All the Light We Cannot See: Audible edition

All the Light We Cannot See: A Novel - Anthony Doerr
I’m a huge voice fan. And last fall I had the tremendous good luck to see Zach Appelman as Hamlet at The Hartford Stage. If it hadn’t been the last day, I would have gone back as often as possible, sacrificing groceries and any bills necessary – and books – to see it again and again. Books. This was serious. But it was the last day, and so I have to just be thankful I got to see the best Hamlet of my experience that one time. Mel Gibson, Kenneth Branagh, Laurence Olivier, even Derek Jacobi and David Tennant – all pale. Appelman was incredible. If he’s in anything anywhere near you, go see him.

So I admit it – the solitary reason I downloaded this book was for him. I also admit I hadn’t heard of either author or title. (Yes, I know (now): it won a Pulitzer. I don’t get out much.) Now, it has to be said that Zach Appelman’s French is very … American, and there’s a fair amount of French in the book. I don’t care. I’m a fangirl. His is a quiet, level voice; character voices are subtle and affecting. He gives a little chuckle as he reads a line about Marie-Laure and her father accidentally burning a tart, and it makes all the difference in the world. I’d be happy with the phone book. (ETA: But not, as it turns out, The Odyssey.)

Here: my last Appelman plug, and then I’ll talk about the book.

I would be happy with the phone book – but this isn’t the phone book. It won a Pulitzer, and I’m really very happy about that. It is the story of a clever young blind girl in France and a young clever mechanically-minded boy in Germany (Marie-Laure and Werner) whose paths slowly converge and finally collide, and all the while coil around a mysterious gemstone which is both more and less than a Maguffin. And it is the story of, in its way, light, and how it soaks through the lives of two children in wartime; where light comes from, and where it goes, and how it affects everything it touches, or doesn’t. It’s simple. It’s intricate. It runs deep and sparkles on the surface, like the ocean Marie-Laure comes to love so much.

“The brain is locked in total darkness, of course, children,” says the voice. “It floats in clear liquid inside the skull, never in the light, and yet the world it constructs in the mind is full of light. It brims with color and movement. So how, children, does the brain, which lives without a spark of light, build for us a world full of light?”

Marie-Laure’s half of the book – which alternates with Werner’s – is a fascinating exploration of blindness from the inside. “Church bells send arcs of bronze careening off the windows. Bees are silver. Pigeons are ginger and auburn and occasionally golden…” The story is not sentimentalized, even given the fact that her mother is dead. She loses her sight, and adapts, and her rather wonderful father (named Daniel LeBlanc, which was (in a way) my grandfather’s name, which is kind of wonderful) adapts, and then the War comes.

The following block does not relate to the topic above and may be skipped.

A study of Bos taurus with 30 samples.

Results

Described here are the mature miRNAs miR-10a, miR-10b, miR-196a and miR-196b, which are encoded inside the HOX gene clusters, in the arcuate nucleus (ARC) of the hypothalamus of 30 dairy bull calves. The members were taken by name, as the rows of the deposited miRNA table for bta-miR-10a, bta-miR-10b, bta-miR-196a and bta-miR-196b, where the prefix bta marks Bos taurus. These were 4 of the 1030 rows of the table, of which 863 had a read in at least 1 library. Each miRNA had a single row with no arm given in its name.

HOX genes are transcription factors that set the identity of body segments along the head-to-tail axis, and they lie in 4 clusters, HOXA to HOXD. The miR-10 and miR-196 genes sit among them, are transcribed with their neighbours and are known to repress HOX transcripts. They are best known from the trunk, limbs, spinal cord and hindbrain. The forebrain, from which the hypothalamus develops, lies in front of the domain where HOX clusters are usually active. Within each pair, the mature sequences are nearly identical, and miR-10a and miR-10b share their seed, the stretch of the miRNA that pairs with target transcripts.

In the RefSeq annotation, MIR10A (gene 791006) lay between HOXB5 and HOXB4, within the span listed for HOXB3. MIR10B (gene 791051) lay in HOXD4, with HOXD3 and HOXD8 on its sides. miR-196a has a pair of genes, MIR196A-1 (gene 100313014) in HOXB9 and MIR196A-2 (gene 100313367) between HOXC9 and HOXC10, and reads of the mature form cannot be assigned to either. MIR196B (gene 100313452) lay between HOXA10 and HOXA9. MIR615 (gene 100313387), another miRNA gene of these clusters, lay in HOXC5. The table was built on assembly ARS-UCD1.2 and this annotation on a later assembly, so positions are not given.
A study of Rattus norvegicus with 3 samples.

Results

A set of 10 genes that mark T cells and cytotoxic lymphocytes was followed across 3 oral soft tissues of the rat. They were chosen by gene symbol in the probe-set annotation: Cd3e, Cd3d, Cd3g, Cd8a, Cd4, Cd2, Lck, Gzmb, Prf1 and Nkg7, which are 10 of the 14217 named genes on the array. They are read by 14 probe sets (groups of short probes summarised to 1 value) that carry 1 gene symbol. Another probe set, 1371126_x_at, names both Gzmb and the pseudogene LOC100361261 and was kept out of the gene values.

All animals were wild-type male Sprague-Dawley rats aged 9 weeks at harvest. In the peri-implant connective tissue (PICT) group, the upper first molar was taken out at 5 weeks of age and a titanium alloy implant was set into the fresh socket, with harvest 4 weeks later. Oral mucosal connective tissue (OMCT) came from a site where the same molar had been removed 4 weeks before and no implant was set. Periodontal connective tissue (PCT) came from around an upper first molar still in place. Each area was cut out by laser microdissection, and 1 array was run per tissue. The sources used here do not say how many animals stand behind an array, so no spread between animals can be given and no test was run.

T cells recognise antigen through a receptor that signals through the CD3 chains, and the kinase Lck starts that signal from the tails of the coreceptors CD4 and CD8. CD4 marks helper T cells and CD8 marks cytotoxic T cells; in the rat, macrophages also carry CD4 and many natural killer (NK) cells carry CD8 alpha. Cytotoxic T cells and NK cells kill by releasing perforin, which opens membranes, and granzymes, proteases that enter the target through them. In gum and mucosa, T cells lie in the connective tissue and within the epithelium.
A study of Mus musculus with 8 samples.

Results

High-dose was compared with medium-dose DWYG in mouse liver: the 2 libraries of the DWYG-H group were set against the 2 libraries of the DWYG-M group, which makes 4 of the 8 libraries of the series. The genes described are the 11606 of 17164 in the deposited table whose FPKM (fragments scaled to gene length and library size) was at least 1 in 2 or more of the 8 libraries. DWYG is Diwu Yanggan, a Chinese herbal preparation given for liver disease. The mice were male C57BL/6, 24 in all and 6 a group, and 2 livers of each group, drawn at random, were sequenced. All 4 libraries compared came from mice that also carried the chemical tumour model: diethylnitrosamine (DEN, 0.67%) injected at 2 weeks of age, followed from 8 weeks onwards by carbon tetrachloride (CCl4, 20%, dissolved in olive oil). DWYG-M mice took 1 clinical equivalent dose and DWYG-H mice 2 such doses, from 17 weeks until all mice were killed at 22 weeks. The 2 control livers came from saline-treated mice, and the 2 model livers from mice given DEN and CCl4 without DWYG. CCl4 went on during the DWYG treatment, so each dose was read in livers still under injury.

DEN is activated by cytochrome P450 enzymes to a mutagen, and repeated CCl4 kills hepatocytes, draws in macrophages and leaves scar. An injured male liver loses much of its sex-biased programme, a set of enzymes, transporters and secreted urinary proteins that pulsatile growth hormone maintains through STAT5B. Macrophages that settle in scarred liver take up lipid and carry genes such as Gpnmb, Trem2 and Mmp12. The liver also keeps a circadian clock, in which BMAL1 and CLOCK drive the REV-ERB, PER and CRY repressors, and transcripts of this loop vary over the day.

The tale of young Werner Pfennig is a clear illustration of how it all happened. He is a very gifted boy, but utterly penniless, and is informed quite definitely that he will be going into the coal mines when he is fifteen. His father died in the mines. And he knows he is capable of much more than that life. And once he recognizes what he needs to do to change the direction of his life, he makes the determination to do it, do anything. It is “a way out”. “You have been called,” he is told. He hates what the Reich encourages men to do, but in that time and in that place, how else can he ever find the outlet for his abilities? He is given no choice … but even had there been a choice the path the Reich offers him is enough to balance the horrors that line it. Until it isn’t.

Werner wants everything to change; Marie-Laure wants everything to stay the same. I don’t think it’s a spoiler to say that Werner gets his wish, in that at least.

Stones are just stones, and rain is just rain, and misfortune is just bad luck.

Point of view is scattered and unfocused. Chapters are broken into sections, and while they mostly alternate between Werner and Marie-Laure, sometimes they carom off to Van Rumpel, Marie’s father, others. Even within one discrete section the POV sometimes flickers – one moment Marie-Laure, one moment omniscient talking about how things look. Sometimes it is how Marie-Laure imagines they look, sometimes not.

But … it doesn’t really matter. They say you have to know the rules in your bones before you can break them without making a fool of yourself, and I think I can safely excuse the flickering POV by saying Doerr knows the rules, very well. There’s a measurable difference between no idea what he’s doing and unquestionably doing that on purpose and to effect. I never tend to seek out award winners or suchlike. But it gives me a surprisingly warm glow that this book, this lovely thing, this superlative experience, won a Pulitzer.